Mississauga has launched a new exhibit focused on climate change at St. Lawrence Park in the Port Credit neighbourhood.
The travelling display aims to educate visitors about the impact of climate change on the environment and to promote sustainable practices.
The installation touches on the history of Mississauga and its start as a collection of small agricultural villages known as Toronto Township. It also discusses why the city was named Mississauga and how it potentially has Ojibwe roots, meaning “river of the many mouths.”
“We will continue to travel this exhibition throughout the City of Mississauga so that we can engage our residents on climate change and inspire them to take climate action in their own communities, neighbourhoods and homes,” Mississauga’s exhibitions and outreach coordinator Megan Wiles said.
“We are Resilient” was produced in collaboration with the Museums of Mississauga, as part of the city’s Climate Change Action Plan (CCAP).
Sobhi Elsafady discovered the displays while enjoying a walk in the park.
“I was just passing by and I noticed this,” Elsafady said. “I really believe climate change is a serious topic and it’s really nice to see Mississauga putting out a personalized exhibit on it. I think it’ll make us realize that our personal lives have an impact too.”
The exhibit also features interactive displays with QR codes to redirect visitors to different experiences. One QR code leads to a Spotify playlist created by the city, including songs from artists that advocate for climate awareness. Other QR codes lead to Mississauga’s Climate Change Action Plan, a list of local businesses to support, and the history of Credit First Nations in the city.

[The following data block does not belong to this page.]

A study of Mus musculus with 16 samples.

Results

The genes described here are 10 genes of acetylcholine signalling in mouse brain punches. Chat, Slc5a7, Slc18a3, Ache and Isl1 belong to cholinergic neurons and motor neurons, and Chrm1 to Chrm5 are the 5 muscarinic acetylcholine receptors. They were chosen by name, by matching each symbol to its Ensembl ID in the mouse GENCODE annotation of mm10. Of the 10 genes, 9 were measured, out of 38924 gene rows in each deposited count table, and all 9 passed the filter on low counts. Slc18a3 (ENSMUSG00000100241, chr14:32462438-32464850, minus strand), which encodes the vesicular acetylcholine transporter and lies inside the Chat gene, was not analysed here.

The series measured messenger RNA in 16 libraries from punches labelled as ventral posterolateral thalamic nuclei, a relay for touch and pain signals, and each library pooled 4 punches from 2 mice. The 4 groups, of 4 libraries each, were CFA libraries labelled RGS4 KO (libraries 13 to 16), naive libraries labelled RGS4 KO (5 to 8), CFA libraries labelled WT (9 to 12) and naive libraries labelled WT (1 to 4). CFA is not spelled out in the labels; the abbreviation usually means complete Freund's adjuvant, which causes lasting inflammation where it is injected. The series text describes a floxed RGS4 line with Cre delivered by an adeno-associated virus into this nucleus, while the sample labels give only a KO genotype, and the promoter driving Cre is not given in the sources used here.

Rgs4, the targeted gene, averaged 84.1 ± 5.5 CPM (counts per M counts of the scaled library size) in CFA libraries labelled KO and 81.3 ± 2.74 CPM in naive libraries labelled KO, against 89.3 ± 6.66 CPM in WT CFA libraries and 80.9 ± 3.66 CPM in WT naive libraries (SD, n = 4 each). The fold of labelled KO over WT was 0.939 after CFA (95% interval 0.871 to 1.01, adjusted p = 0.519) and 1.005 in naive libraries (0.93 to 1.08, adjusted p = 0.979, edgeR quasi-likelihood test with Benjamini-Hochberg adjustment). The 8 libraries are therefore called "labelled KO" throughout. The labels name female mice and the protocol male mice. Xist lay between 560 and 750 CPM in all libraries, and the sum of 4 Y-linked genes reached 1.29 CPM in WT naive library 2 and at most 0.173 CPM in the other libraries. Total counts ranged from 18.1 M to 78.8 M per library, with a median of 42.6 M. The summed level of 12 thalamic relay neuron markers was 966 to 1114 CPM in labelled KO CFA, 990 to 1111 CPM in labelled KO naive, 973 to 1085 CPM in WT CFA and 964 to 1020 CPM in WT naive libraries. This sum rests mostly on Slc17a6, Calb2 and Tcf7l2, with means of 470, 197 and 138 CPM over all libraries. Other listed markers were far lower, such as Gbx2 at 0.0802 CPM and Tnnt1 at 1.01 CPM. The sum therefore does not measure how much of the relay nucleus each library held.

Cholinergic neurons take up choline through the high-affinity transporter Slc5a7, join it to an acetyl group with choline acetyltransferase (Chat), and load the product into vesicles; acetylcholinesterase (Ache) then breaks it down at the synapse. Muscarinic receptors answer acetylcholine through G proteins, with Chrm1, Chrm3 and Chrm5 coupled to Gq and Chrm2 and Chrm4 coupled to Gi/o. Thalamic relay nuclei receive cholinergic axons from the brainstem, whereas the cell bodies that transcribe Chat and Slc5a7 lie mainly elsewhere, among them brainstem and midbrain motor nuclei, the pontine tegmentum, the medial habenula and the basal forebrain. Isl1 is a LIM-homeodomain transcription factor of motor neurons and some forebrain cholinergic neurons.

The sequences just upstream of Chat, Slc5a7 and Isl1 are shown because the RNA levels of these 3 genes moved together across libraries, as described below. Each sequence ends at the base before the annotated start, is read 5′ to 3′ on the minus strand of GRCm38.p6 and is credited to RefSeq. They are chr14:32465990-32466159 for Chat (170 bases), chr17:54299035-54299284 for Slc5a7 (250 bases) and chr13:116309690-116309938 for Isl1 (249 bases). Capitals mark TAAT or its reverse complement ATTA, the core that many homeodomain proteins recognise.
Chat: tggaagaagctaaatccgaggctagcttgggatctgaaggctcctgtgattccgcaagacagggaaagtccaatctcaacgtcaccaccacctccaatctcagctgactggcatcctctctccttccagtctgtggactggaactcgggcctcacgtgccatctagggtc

Photographs, stories, and poems by Mississauga residents were also on display on one of the many panels on display.
One panel contains a short poem by Matt Hunter, a Mississauga resident. “Look to the Sky” talks about birds in the city.
“It is impossible to live here long without growing accustomed to the seasons of the birds who either migrate through or adjust their lives in accord with the broad spectrum that is our climate, ” Hunter wrote. “When the patterns changed; when strange illnesses and injuries appeared; when one snowy day it was clear that a perennial feathered visitor would never return- that is when I knew something has changed.”
The launch of the new exhibit in St. Lawrence Park comes just a month after the United Nations released its 2023 report on climate change. The report emphasized the urgent need for immediate action to reduce carbon emissions and prevent a climate catastrophe. The exhibit serves as a reminder of the impact of climate change and encourages visitors to take action in their daily lives to reduce their carbon footprint.
The exhibit is set to appear in various locations across the City of Mississauga and the Region of Peel. It will be at St. Lawrence Park until Aug 7.